New Year Resolutions: A New Perspective
It’s that time of year when people review their lives and their goals. There’s something about the blank pages of a diary (or a journal) for the upcoming year that is somehow inspiring and filled with a bit of wonder and mystery. What’s the year going to hold? Will it be better or worse than last year, or just the same? New Year resolutions tend to be part of this process of reviewing a lifestyle.
It’s also the time of year when hypnotherapists tend to be quite busy, as some of the most common New Year resolutions are to lose weight and to quit smoking – and hypnosis is often used to help achieve these goals. But this article isn’t about weight loss or giving up smoking, and isn’t a plug for hypnotherapy to do this. Instead, it’s a look at New Year resolutions and how to have a greater chance of achieving them.
For a start off, let’s start with a change of terminology. How often do we talk about “resolutions” outside of the context of committee meetings? And even in the business context, resolutions are just part of a bigger process – they’re decisions that have been made about plans, goals and actions to be taken. We’ll talk about goals, dreams and plans instead.
However, the word “resolution” does contain a clue about the most important factor in the whole process of improving or changing a life. It’s to do with the word “resolve”, which is an old-fashioned word meaning willpower or determination. And whether or not you manage to keep your New Year resolutions – whoops, I mean goals – often comes down to the mind and your beliefs. Hypnosis can be used to help with a lot of these things in the mind, whatever they are, as it’s what we believe in the deepest part of ourselves that really influences our actions.
Anyway, back to the process of making New Year goals. The first thing is the timing. January the first probably isn’t the best time to make these goals and plans, especially if you’ve partied a bit hard the night before. The “morning after” syndrome tends to produce fuzzy thinking and the main goal, plan or resolution made by people who are hung over tends to be something along the lines of “I will never, ever do anything like that again!” Even if you only had a couple of glasses of wine or just stuck to the orange juice, seeing the New Year in and staying up to midnight means that you’re probably not at your best and you aren’t thinking as clearly as you might be. A better plan is to enjoy the day off and just relax without thinking about your life goals, get an early night to make up for lost sleep and to take a bit of time on January the 2nd to do the planning and setting your goals for the year.
The next part of the process is to think about what you would like to achieve in the year in your personal life. Often, New Year goals are about breaking bad habits – smoking, excess drinking and being overweight – but not all of your plans and goals have to be negative things about not doing this or giving up that. However, you can frame your goals in a positive way or look at things that you’d like to start doing or do more of. It’s probably more helpful to frame your goals in a positive way, as the phrases you write down or say out loud engrain themselves into your mind and into your thinking patterns. If you continually mention “smoking”, even in the context of “I will give up smoking”, you are thinking about smoking and reminding yourself of it. It’s far better to get what you don’t want to do right out of your mind and focus on what you do want.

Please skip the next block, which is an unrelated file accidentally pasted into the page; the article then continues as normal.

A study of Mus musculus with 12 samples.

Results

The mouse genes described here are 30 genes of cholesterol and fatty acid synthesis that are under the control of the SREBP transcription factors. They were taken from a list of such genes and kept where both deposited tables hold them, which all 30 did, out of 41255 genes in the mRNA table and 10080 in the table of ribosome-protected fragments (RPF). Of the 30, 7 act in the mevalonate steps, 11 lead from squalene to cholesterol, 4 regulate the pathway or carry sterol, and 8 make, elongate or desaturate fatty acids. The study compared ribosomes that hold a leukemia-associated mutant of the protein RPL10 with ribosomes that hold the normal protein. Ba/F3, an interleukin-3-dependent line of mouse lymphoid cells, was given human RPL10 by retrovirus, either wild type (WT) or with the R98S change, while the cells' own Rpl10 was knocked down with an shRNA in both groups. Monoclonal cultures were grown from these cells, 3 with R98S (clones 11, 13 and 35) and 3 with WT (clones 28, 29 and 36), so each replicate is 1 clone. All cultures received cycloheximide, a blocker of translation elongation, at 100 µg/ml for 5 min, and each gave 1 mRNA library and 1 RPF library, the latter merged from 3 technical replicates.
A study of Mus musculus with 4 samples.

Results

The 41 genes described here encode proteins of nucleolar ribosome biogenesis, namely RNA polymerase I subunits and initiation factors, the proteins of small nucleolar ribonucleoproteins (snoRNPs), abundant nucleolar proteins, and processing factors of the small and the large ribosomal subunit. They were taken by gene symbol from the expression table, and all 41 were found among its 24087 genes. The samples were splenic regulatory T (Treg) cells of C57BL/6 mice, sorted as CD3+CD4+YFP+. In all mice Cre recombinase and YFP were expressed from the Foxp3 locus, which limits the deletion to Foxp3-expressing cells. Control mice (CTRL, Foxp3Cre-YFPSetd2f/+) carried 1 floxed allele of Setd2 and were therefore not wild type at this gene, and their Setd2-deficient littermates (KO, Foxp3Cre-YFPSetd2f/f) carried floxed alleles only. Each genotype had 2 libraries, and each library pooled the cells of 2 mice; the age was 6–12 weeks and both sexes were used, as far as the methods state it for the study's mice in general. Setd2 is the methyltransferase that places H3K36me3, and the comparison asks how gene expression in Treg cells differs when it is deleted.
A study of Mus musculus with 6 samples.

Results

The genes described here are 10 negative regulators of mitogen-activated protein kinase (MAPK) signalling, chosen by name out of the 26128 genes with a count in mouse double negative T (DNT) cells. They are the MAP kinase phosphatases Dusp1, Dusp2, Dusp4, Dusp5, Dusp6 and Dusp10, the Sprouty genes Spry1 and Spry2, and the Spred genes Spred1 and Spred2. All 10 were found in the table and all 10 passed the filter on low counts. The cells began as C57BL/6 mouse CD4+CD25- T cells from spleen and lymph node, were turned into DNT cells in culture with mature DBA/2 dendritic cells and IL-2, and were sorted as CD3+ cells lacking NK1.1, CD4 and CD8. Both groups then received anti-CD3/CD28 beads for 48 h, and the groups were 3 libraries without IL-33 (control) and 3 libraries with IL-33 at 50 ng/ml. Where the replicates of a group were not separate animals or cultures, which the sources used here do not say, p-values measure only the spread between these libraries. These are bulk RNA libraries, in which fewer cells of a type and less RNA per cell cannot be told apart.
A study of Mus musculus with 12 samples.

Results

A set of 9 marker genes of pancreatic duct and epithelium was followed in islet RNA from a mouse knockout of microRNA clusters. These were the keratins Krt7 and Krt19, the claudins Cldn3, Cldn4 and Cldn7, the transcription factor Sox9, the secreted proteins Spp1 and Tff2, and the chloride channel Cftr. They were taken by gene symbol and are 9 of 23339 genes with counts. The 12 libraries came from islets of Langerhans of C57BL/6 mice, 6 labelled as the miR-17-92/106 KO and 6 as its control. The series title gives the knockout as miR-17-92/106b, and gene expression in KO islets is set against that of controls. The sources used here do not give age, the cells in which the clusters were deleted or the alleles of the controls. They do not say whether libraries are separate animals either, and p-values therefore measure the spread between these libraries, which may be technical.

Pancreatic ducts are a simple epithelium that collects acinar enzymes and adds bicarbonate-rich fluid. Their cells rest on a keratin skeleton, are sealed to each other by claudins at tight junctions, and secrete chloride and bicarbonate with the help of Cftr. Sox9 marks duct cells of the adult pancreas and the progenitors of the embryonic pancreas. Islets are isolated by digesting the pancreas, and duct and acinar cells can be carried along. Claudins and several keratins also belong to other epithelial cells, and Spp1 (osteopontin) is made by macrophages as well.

When you set your New Year goals, it’s best to have something specific that you can aim to do. Some things are all-or-nothing issues (such as becoming free from a tobacco addiction and rediscovering smells and tastes, aka giving up smoking). Others need to be defined. For example, the goal of losing weight and/or exercising more is a bit vague and is thus harder to stick to, as you can’t get a clear mental picture of what you want to achieve. It’s better to have a more definite goal, such as “I will get my weight below 80 kg,” or “I will go for a run around the block at least three times a week.”
A lot of people can’t think past weight loss, exercise, addictions (e.g. tobacco and alcohol) when it comes to New Year goals. But why not think outside the box and look at your whole life rather than just your health? Here are a handful of ideas to get you started (some of which have been this writer’s New Year goals in the past – but I’m not telling you which ones!):
•To try four new activities over the next 12 months. That’s one new thing to try every three months. You don’t have to succeed at what you try – you just have to give it a go. These activities don’t have to be extreme or expensive – it could be something as small as learning some sort of craft, trying a new cuisine (either cooking it or eating it) or having a go at a sport you’ve never tried.
•Eating more fresh fruit and vegetables, especially raw ones. The pros tell us that we should eat at least five servings of fruit and vegetables a day, preferably raw and preferably more than five. And eat a range of colours – red, blue/purple, green, orange, yellow and white.
•Look beyond coffee when choosing things to drink as a way of cutting down on caffeine. Try some herbal teas instead – some are delicious.
•Write a letter (yes, a paper letter and not an email) to an out-of-town relative every month.
•Keep a journal.
•Say more positive things about yourself rather than putting yourself down.
•Get into the habit of chatting with checkout staff as a way of overcoming shyness and social anxiety.
•Throw out all the clutter in one room in the house.
Write your goals down and read them out loud. What you say and imprint into your mind is more likely to become reality. And find a way to keep yourself accountable.